This piece–published in New Straits Times on 9 November 2018–is my first op-ed in a mainstream daily newspaper in Malaysia. In a flurry, I wrote it in the middle of the night, birthed at the confluence of current education-related events in Malaysia, as well as the fantastic meeting I had with my PhD supervisors earlier this week.
Recent events highlighted in the op-ed (policy borrowing, education tied to certain ideas of development) as well as the new direction of my research following this recent supervision (currently reading Escobar’s work on postdevelopment) reflect the continued utility of the vast field of comparative and international education in informing my thinking. The full text is appended below.
Here’s to more publications in the future, whatever form that may take!
To cite this article:
Aizuddin, M. A. (2018, November 9). Science and Arts: Building New Malaysia in Our Own Mould. New Straits Times, 18.
Science and Arts: Building New Malaysia in Our Own Mould
Council of Eminent Persons chairman Tun Daim Zainuddin’s claim, regarding many Malays choosing to study literature instead of science due to the former’s relative ease, has reignited the debate on science versus the arts in our education system, and the privileging of one body of knowledge over the other.
Scholars like Professor Dr Syed Farid Alatas and Dr Lim Swee Tin came to the arts’ defence, highlighting its utility in imbuing scientists with ethical and moral tools, as well as for the cultivation of other actors in nation-building.
This discussion that pits two fields of knowledge against each other finds its roots in the government’s policy that specifies a 60:40 ratio of science to arts enrolment in upper secondary education. Instituted in 1970, the target under this policy has yet to be realised, and the logic remains largely uncontested.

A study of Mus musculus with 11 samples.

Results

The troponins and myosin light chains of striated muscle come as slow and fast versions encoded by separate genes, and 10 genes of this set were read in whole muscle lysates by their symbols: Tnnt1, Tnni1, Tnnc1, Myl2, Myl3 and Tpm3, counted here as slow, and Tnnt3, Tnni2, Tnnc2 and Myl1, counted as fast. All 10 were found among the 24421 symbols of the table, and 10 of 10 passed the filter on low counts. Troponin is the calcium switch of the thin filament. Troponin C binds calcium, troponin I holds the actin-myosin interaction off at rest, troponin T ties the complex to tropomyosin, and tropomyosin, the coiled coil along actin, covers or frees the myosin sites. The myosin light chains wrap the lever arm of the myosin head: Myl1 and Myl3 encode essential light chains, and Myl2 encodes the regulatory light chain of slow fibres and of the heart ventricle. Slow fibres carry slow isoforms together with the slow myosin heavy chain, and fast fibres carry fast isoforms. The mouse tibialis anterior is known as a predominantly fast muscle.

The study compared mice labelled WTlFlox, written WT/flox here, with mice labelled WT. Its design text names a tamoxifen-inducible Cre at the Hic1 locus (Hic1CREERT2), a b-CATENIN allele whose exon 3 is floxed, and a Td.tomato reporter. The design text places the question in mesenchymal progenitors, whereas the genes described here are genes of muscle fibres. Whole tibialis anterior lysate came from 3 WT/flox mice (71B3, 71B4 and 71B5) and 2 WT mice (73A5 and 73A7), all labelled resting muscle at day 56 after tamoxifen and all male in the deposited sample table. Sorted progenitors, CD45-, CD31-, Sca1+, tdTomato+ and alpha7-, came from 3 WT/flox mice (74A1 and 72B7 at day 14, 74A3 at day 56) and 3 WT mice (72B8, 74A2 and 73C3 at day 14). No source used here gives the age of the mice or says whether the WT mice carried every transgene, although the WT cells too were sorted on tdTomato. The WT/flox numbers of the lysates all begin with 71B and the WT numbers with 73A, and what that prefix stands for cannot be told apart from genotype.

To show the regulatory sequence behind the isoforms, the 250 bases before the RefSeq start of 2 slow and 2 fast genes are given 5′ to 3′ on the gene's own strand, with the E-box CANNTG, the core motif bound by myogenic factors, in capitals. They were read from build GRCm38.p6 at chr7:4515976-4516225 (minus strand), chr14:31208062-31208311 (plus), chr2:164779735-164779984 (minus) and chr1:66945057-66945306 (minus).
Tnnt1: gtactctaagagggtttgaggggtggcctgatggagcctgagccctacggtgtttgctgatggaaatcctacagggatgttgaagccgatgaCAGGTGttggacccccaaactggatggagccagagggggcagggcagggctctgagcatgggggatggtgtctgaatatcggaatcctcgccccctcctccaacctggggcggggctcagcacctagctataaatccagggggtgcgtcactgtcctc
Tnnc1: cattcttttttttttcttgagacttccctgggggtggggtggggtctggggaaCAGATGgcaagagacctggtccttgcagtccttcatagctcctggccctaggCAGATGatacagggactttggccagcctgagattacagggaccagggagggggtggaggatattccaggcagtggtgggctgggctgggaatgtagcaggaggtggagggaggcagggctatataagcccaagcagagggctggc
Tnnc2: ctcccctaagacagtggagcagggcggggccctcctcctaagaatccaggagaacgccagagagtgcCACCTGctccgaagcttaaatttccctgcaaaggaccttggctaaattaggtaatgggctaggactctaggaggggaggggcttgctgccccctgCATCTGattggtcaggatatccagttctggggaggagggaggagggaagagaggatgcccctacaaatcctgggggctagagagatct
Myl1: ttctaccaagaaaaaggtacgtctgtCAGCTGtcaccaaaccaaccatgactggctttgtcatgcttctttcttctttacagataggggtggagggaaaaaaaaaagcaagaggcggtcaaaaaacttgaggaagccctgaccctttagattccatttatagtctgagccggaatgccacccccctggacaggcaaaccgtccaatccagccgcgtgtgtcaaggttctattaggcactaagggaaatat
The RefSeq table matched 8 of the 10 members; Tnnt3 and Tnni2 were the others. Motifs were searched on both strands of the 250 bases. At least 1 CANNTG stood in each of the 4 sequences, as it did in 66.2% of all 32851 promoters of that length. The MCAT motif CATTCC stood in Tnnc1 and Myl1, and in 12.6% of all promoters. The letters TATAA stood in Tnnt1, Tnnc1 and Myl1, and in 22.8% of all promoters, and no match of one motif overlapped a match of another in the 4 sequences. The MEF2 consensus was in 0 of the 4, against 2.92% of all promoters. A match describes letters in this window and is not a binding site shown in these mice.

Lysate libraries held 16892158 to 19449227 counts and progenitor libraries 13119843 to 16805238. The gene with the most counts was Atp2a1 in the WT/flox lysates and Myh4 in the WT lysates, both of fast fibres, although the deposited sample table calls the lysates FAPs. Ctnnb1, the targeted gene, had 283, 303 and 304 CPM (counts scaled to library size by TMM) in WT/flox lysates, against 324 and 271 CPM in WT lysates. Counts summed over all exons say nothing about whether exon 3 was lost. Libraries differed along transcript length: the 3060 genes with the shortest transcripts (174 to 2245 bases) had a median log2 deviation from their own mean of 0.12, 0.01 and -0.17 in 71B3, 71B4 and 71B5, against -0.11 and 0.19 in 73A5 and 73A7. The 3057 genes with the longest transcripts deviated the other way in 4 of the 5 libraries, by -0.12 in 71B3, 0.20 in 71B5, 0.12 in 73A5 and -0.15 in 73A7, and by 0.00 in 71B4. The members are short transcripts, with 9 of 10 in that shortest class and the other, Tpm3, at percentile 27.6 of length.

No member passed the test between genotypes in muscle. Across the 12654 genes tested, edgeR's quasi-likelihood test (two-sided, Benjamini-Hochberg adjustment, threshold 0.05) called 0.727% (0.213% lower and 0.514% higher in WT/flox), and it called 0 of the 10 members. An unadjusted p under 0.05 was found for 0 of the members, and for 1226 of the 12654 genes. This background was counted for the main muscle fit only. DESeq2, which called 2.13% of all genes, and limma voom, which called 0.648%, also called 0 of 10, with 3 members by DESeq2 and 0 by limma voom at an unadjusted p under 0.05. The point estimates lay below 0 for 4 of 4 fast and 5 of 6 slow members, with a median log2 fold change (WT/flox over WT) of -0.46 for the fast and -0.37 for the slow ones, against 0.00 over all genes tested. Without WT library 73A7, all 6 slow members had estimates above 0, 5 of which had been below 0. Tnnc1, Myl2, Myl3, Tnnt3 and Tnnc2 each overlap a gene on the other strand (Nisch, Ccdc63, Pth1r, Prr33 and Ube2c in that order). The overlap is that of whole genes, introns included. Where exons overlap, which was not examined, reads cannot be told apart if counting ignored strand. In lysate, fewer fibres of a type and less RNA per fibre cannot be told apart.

It is accepted that to compete globally, to be as developed as the United States, China, Japan and Australia (countries cited by Daim), Malaysia must prioritise science over the arts. There are no alternatives. In fact, the 60:40 ratio remains unaltered after more than 40 years of implementation. Why is this so? Are these notions Malaysian, or are we uncritically riding the wave of the West’s project of modernity?
Add to the mix, Prime Minister Tun Dr Mahathir Mohamad’s announcement on the intent to revive and revitalise the Look East Policy, particularly in the education sector. Perhaps, in this New Malaysia, it is worthwhile to rethink what we mean by development in and for our own context.
As part of my doctoral research, I am interested to learn about young Malaysians’ aspirations in relation to Science, Technology, Engineering and Mathematics (STEM), particularly in the rural context. But I have been challenged by my supervisors that STEM is a modern and largely urban construct, tied to Western concepts of development.
Do I accept these conventions as the only trajectory of development? Will young Malaysians, particularly from rural areas, marginalised and excluded by modernity, also accept them?
I would like to imagine that there are alternatives.
Anthropologist Arturo Escobar argues for what he calls post-development, a denunciation of the idea of development in the mould of, and benchmarked against, industrialised countries from the Global North. We need not be as radical so as to reject thinking of our statehood in terms of development. However, it is worth being critical and to call into question uncontested ideas of how we should develop.
In my opinion, part of the solution lies in looking inwards.
In 2013, Dr Mahathir was asked in an interview regarding our target to become a developed country by 2020. He pointed to the uneven development between urban and rural areas, and true to form as a staunch nationalist, spoke of Malaysia being a developed country “dalam acuan kita sendiri” (in our own mould).
As we (re)look to Japan as an example of development, admiring its ability to rise to the level of Western countries, we must not forget “acuan kita sendiri“. What does this mean in our society for this day and age? It is important that as a society, we come to a consensus on its meaning, reflecting on our history and cultures, on our technology and biodiversity.
The knowledge of who we are as a nation to craft “acuan kita sendiri” is to be found in the science and the arts.
AIZUDDIN MOHAMED ANUAR
PhD student in Education and Clarendon-New College scholar, University of Oxford.